May 16, 2011
Length: 37 feet, 6 inches
Beam: 11 feet, 6 inches
Weight: 13,500 pounds
Capacity: 3,040 pounds/14 persons
Fuel capacity: 450 gallons (single aluminum tank)
Freshwater capacity: 60 gallons
100 Whaler Way
Edgewater, FL 32141
This is Boston Whaler's largest boat, the 370 Outrage. She was introduced to the marine press this year in New Smyrna Beach, Florida, just a few miles north of the Whaler factory in Edgewater. Yes, she's unsinkable, like the rest of the Whaler fleet. No, she isn't outfitted to haul around one of the original 13-footers—but we suggested the designers explore that option.
There isn't much this boat isn't set up to do.
Here she's outfitted with triple 300-horsepower four-stroke Mercury Verados.
The 370 showcases countless novel design elements, such as this molded fiberglass boarding/dive door.
Transom bench seat folds out of the way.
And beneath the seat, you'll find a dive ladder that locks into place at the door shown in photo number 2.
Detail of the transom seat cushion. You find a lot of these elastic loop connectors on the Whaler boats. They're much easier to use than snaps, and last a lot longer.
“Leaning post” isn't the right term for this. At right is a 55-gallon livewell with clear top and selection of red, white or blue LED lights. In middle is freshwater sink and fold-up trash bin. At left, a full-on electric grill.
Detail of the leaning post livewell.
Here's something you don't find on many small boats: Freezer plates inside the aft fish boxes (in this image, the port box). Each of the two boxes is governed by an individual thermostat—you can set one to freeze, one to chill.
Retractable T-top extender.
And if the extra shade isn't enough, there are strategically placed misting nozzles.
T-top fully extended.
One thing about Whaler: The design team seems to have pretty free reign to let their imaginations run. Ron Berman, Vice President of Product Design for Whaler, explains that he came up with the idea for this folding “mate” seat after circling the T-top on another boat, always hunting for that piece of shade.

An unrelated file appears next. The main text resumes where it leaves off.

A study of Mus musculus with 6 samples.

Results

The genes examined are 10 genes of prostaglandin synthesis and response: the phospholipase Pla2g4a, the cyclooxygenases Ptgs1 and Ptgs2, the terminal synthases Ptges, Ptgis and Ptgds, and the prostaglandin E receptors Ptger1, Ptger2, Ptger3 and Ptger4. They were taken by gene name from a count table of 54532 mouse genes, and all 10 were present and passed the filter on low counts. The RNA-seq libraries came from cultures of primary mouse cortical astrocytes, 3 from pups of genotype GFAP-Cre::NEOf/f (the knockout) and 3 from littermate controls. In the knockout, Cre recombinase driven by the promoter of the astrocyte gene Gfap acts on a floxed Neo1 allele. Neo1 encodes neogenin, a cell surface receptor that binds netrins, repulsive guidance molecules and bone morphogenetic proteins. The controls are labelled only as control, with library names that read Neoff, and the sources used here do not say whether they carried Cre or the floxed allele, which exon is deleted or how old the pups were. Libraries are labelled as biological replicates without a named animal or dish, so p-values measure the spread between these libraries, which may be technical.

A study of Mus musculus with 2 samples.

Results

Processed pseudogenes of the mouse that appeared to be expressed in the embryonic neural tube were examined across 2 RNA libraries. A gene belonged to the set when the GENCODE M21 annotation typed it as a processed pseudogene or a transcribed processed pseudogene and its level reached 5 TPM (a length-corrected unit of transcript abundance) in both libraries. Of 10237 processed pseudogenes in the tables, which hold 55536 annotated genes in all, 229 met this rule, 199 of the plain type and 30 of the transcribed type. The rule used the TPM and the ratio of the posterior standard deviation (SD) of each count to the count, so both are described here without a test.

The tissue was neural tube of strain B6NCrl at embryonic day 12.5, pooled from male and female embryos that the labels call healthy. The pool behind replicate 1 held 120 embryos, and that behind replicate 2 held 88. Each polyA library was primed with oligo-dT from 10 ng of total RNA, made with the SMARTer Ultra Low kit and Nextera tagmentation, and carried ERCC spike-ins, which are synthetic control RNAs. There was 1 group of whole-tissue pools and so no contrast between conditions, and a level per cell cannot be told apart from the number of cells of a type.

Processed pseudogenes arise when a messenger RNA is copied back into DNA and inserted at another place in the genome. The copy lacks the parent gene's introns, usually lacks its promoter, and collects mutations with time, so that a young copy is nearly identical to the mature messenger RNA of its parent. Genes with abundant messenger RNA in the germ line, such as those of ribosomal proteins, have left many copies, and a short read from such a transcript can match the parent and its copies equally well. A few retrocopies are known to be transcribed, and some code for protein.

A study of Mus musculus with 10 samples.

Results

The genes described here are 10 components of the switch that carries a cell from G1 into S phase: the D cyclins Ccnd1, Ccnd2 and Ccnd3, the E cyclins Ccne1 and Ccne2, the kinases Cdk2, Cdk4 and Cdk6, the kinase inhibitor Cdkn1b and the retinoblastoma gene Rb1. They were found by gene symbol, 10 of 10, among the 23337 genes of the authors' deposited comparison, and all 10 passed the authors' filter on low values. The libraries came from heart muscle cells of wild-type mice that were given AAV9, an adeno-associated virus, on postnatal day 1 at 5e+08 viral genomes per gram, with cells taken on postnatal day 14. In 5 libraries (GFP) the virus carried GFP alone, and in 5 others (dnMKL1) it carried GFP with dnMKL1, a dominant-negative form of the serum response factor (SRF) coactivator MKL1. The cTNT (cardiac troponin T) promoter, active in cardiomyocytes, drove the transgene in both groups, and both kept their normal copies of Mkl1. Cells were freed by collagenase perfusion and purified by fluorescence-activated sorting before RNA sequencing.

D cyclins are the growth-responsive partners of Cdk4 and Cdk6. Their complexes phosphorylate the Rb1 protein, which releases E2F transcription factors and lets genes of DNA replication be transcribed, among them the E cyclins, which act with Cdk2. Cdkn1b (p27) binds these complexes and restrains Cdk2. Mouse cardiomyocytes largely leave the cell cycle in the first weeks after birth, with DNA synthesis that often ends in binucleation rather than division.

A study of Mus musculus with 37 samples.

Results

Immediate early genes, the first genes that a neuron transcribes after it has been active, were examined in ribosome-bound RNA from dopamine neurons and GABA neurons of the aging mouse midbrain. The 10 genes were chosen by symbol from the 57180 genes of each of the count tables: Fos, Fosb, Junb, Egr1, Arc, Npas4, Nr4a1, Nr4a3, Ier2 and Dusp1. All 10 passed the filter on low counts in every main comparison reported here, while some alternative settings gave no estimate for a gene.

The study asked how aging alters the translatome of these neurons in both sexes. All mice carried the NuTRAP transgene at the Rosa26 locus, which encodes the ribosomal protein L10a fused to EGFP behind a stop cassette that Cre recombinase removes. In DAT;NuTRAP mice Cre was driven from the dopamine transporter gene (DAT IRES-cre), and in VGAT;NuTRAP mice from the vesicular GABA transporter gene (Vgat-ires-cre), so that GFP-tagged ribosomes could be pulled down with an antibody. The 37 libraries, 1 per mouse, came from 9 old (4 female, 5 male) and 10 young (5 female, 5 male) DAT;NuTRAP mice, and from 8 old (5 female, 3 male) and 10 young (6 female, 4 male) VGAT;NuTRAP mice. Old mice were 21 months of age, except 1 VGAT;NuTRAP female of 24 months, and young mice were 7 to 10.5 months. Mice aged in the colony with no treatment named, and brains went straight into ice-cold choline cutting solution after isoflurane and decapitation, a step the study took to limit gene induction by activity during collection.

Sun lounge in front of the console, with lunch table.
That lounge seat lifts to reveal an impressive storage area.
Hardtop with Raymarine radar installation. Several options are available for Raymarine electronics packages on the 370.
Tempered glass windshield with power-actuated vent.
Two 14-inch multifunction screens grace the dash. Those horizontal vents in the back? Air conditioning ducts.
Whaler uses some nifty hardware, such as these hold-in-place hinges on the overhead radio box.
Ron Berman--moving to the ultimate comfort zone on the boat--points out some of the cabin features.
Stylish sink and vanity.
As you'd expect on a 37-footer breezing past the quarter-million-dollar mark, this boat will take some getting acquainted with. Fortunately, access to the bilge is easy. Unfortunately, you're going to need to spend some time familiarizing yourself with all those hoses and mechanical systems. Generator, generator's fuel tank, batteries, twin 2,000 GPH bilge pumps, bait pumps, freshwater pump, Marelon shutoff valves, etc.
One bilge element we noticed right away: A thru-hull transducer to pick up marks while running. The 370 Outrage is clearly aimed at the luxury market, but at her core she's a fishing boat.